An MBA Specialization in Information Management

An MBA specialization in Information Management main image

Dr Wayne Brookes, University of Technology Sydney (UTS) to explain what MBA students who choose to focus on information management should learn by the time they graduate..

Once upon a time, it was only managers of technology startups and venture capitalists in Silicon Valley that needed to understand how technology could drive business success.

But in today’s connected world, businesses across the globe in every sector depend on effectively managing their technology and information assets – and they need MBAs to do it.

Information management vs technology management

Information is a key asset of modern businesses, and information management is the art of being able to effectively define, store, manage, protect, share and distribute information for relevant stakeholders within a business.

But more than that, the most important aspect of information management is being able to recognize the true value of information, and identify new ways to exploit that information to deliver new services and better value to customers.

In general, technology management focuses more on delivering technology to customers, rather than managing information used by the business.

While every business needs effective information management, specializing in technology management is most relevant for companies in the engineering, science and technology fields where some form of technology is the product.

Technology management may focus more on product development, project management, operations management and logistics.

One thing that is common to both areas is the need to have a good understanding of how technology works, as well as general management principles and an understanding of broader aspects of business operations.

There is a strong demand for business leaders who understand the strategic value of information, technology and the IT systems that underpin them.

MBA career opportunities

In information management, the ultimate job for an MBA is usually seen as the Chief Information Officer (CIO).

The CIO of a company reports directly to the CEO and among other things, will oversee the IT division of the company.

However, the CIO is not just responsible for keeping the servers running, but more importantly for identifying strategic opportunities arising from the company’s IT systems.

For example, to deliver new information-based products and services to customers through the web or mobile phones, or perhaps to reduce operating costs by streamlining business processes to better utilise the company’s information resources.

While in the days of the dotcom boom, it wasn’t unheard of for an MBA graduate to move directly into a CIO role, these days there’s usually a few more steps in the career ladder.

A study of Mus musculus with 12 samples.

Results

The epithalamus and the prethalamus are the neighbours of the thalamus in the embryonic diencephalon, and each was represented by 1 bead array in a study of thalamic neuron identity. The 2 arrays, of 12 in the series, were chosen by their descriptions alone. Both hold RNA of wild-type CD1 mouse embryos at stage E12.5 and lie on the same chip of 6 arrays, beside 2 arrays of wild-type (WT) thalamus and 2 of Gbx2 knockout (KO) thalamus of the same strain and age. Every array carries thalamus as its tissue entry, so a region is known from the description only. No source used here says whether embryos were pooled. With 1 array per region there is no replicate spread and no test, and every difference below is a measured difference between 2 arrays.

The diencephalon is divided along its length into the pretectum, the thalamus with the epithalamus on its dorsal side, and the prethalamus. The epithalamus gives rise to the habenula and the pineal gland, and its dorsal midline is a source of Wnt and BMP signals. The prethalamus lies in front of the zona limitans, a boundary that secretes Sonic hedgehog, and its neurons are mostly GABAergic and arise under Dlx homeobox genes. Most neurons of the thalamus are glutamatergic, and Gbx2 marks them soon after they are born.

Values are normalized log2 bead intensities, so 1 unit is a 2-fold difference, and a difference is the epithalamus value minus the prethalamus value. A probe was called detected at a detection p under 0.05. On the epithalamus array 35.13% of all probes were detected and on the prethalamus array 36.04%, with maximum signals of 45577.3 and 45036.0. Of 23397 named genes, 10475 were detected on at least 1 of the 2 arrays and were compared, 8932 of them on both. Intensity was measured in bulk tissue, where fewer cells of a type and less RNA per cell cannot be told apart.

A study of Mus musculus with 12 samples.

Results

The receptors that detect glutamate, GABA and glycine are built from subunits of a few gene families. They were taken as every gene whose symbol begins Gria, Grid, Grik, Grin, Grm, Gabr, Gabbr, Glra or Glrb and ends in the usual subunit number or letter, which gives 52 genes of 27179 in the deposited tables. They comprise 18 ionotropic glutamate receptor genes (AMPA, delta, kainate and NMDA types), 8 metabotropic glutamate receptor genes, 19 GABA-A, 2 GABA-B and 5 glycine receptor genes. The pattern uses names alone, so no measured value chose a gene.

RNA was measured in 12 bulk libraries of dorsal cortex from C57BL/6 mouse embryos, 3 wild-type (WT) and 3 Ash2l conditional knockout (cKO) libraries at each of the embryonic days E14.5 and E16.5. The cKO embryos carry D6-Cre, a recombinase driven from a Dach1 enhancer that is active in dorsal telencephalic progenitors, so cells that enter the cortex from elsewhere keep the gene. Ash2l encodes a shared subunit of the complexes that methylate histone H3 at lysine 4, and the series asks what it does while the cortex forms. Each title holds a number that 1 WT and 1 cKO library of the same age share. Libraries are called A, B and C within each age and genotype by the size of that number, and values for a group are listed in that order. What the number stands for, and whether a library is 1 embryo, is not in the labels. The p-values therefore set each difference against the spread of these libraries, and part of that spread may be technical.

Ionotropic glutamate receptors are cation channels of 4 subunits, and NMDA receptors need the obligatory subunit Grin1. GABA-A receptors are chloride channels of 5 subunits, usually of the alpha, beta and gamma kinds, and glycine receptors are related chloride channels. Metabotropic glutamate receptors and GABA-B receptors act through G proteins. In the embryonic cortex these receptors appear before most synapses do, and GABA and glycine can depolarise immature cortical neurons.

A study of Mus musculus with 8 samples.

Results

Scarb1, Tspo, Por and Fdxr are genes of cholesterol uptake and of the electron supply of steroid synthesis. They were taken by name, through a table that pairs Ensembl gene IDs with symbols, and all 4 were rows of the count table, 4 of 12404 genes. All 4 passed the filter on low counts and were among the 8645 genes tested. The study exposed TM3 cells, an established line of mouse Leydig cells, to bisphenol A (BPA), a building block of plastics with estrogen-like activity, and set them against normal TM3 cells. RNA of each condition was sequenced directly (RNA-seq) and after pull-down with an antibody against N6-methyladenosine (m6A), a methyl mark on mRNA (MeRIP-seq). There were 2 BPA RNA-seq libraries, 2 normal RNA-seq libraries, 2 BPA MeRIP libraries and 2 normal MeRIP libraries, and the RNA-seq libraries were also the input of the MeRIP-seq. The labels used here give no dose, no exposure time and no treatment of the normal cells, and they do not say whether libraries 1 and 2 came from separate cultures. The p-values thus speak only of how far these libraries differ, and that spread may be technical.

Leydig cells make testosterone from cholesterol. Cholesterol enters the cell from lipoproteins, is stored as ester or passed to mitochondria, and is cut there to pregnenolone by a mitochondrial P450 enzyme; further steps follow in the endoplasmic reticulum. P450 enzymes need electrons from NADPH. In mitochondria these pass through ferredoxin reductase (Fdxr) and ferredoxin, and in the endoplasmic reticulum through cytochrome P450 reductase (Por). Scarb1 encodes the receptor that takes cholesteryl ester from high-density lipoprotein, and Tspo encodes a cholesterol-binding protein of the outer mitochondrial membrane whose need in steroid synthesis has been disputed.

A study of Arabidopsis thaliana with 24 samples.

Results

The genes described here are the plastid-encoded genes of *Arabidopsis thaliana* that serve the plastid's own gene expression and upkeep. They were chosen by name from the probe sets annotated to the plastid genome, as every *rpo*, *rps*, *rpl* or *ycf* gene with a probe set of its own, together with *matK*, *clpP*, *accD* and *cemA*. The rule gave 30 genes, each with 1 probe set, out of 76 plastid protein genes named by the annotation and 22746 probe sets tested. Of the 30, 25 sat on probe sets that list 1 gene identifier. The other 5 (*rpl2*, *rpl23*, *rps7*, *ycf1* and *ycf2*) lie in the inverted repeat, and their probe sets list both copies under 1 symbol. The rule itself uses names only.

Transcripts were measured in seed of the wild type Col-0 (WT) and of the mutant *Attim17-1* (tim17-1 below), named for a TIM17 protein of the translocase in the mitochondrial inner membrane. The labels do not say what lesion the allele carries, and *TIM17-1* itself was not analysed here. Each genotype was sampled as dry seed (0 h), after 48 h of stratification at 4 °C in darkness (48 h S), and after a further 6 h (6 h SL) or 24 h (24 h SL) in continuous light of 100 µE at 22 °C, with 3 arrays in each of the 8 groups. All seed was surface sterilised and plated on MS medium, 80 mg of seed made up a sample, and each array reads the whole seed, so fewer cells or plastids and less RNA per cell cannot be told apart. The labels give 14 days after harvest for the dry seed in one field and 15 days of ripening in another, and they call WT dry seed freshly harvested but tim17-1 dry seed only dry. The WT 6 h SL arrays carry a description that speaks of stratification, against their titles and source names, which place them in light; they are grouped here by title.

Today, a recent MBA graduate who specialized in information management can expect to look for positions as a senior business analyst, an information systems manager, or perhaps managing the implementation of IT projects.

The key element of all of these roles is being just as comfortable in the boardroom as in the IT department and finding the middle ground between what the business wants and what the company’s IT systems can deliver, within inevitable time and budget constraints.

Information management in MBA programs

In general, MBA programs that specialize in information management will consist of some study in business and some study in IT.

For those who completed their undergraduate studies in computer science or IT, the MBA offers a chance to add a more strategic level of thinking about information and technology and build those all-important connections between information management and business innovation.

For those who come into their MBA without a strong computing or IT background, normally it would mean starting with some of the basics in IT, but usually with more of a focus on business information systems than hardcore computer science.

Much of the value and strength of studying information management or IT within an MBA, lies in the consideration of approaches and perceptions that are extensions of, or built upon broad information technology view points.

Information management MBA specializations are not designed to target only IT specialists, but rather anyone looking towards management positions in companies using contemporary IT systems.

Some programs even give IT graduates a chance to strengthen their technical knowledge whilst gaining management skills, and may include growth areas such as data mining, business intelligence, human centred technology design, interactive multimedia, internetworking and strategic IT management.

The truth is that information management and IT are such broad areas, that the most important consideration is to choose an MBA program that has inbuilt flexibility and a wide range of subject choices in IT, information systems and information management, so you can tailor the program to your individual talents and career goals.

The UTS MBA has once again been ranked fourteenth in the world, and joint first in the Asia-Pacific region for the MBA specialization in information management in the QS Global 200 Top Business Schools Report 2010. This is because it offers flexibility as the structure allows students to choose a major or sub-major and electives, to tailor the course to their requirements.

Dr Wayne Brookes is Associate Dean (Teaching and Learning): Information Technology in the Faculty of Engineering and Information Technology at the University of Technology Sydney.

This article was originally published in July 2013 and was updated in October 2019.

Written by Mansoor Iqbal

Mansoor is a contributor to and former editor of TopMBA.com. He is a higher and business education specialist, who has been published in media outlets around the world. He studied English literature at BA and MA level and has a background in consumer journalism.